Shadow Minister for Multicultural Affairs Giulia Jones has written to the ACT Human Rights Commission calling for an easier way for people to report racially fuelled abuse or incidents of racial vilification.
She did so after meeting with multicultural leaders like Chin Wong from the ACT Chinese Australian Association, South Sudanese Association head Marial Kot and India-Australia Association of Canberra president Sandi Mitra.
Each leader spoke about recent racist incidents, including an Indian person being verbally abused in the street and Chinese-Australians being accused of bringing COVID-19 to the Territory.
Mrs Jones said there were also concerns among Canberra’s South Sudanese community after negative media attention on their Melbourne counterparts during lockdowns.
Community broadcaster Vikas Sharma is also involved with the group.
He spoke out recently about his own experience with racist attacks that left him feeling unsafe in his own home. He is currently in the process of setting up an online database where people can record instances of racial abuse, anonymously or otherwise.
Mr Sharma says he hopes to ensure Canberrans are “aware of the problem that does exist with racism” and wants to provide a safe, community-minded space for people who may struggle with long government forms.
Mrs Jones is asking for an easier way for people to report incidents of racism, saying the current system is cumbersome for people who might not often engage with government or speak English as their second language.
She also thinks there needs to be a ramping up of police efforts in this space.
In response to Mrs Jones’ letter, a spokesperson for the ACT Human Rights Commission said it “looks forward to working with community members to ensure that its complaints process is accessible to everyone in the Canberra community”.
Some of the ways the Commission makes itself accessible to people from multilingual and diverse backgrounds include providing translation services over the phone. They can also be contacted via social media, email and their website, and anonymously if required.
It also recently ran a community radio program with ads in different languages explaining how to contact the Commission.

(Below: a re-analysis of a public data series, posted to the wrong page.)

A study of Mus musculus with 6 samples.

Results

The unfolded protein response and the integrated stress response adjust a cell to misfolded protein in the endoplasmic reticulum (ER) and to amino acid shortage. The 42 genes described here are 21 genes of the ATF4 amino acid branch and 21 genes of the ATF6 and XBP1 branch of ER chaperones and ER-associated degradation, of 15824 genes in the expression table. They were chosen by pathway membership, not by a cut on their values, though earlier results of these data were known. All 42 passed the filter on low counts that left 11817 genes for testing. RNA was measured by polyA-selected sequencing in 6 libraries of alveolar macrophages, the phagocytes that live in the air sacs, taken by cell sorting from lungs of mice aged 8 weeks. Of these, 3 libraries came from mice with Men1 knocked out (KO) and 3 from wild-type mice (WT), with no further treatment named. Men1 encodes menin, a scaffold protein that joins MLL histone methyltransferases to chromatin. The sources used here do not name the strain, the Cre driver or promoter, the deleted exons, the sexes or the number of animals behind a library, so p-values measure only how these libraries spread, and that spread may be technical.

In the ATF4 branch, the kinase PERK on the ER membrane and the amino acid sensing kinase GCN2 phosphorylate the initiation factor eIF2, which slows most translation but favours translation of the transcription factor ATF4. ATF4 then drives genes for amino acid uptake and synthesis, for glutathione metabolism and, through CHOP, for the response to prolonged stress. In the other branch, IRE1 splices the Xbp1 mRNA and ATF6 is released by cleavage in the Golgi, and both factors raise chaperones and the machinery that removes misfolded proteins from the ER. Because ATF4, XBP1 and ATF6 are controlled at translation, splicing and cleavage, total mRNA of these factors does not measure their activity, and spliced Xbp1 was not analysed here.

Mrs Jones still thinks more could be done to make the first step when reporting being a victim of racism easier.
“Even if someone doesn’t make an official complaint at the start, it might just be leaving a recorded message or having a support worker to help them talk it out,” she said.
“It just needs to be simple. Engage a company that knows multicultural audiences to show you how to communicate with them perfectly.”
Speaking on breakfast radio earlier this week, Chief Police Officer Neil Gaughan said ACT Policing takes racism very seriously.
“It has no place in our community,” he told ABC Radio.
He encouraged people who may be victims of such an attack to try not to inflame the situation to the point where a racist comment could become a physical attack, but they should make police aware of such incidents by calling 131 444.
A spokesperson said alongside an initial complaint, police usually require a formal statement from a victim for a matter to proceed to court.
“The charges laid after an offence will be the most appropriate based on the evidence available and those most likely to support a successful prosecution,” the spokesperson said.
The most serious criminal offence – Serious Vilification – could see offenders face fines of up to $8,000.
If you experience violence, abuse or other criminal behaviour, you can report it to the ACT Human Rights Commission on 6205 2222.
If you need support, you can call Lifeline’s 24-hour crisis support line on 13 11 14.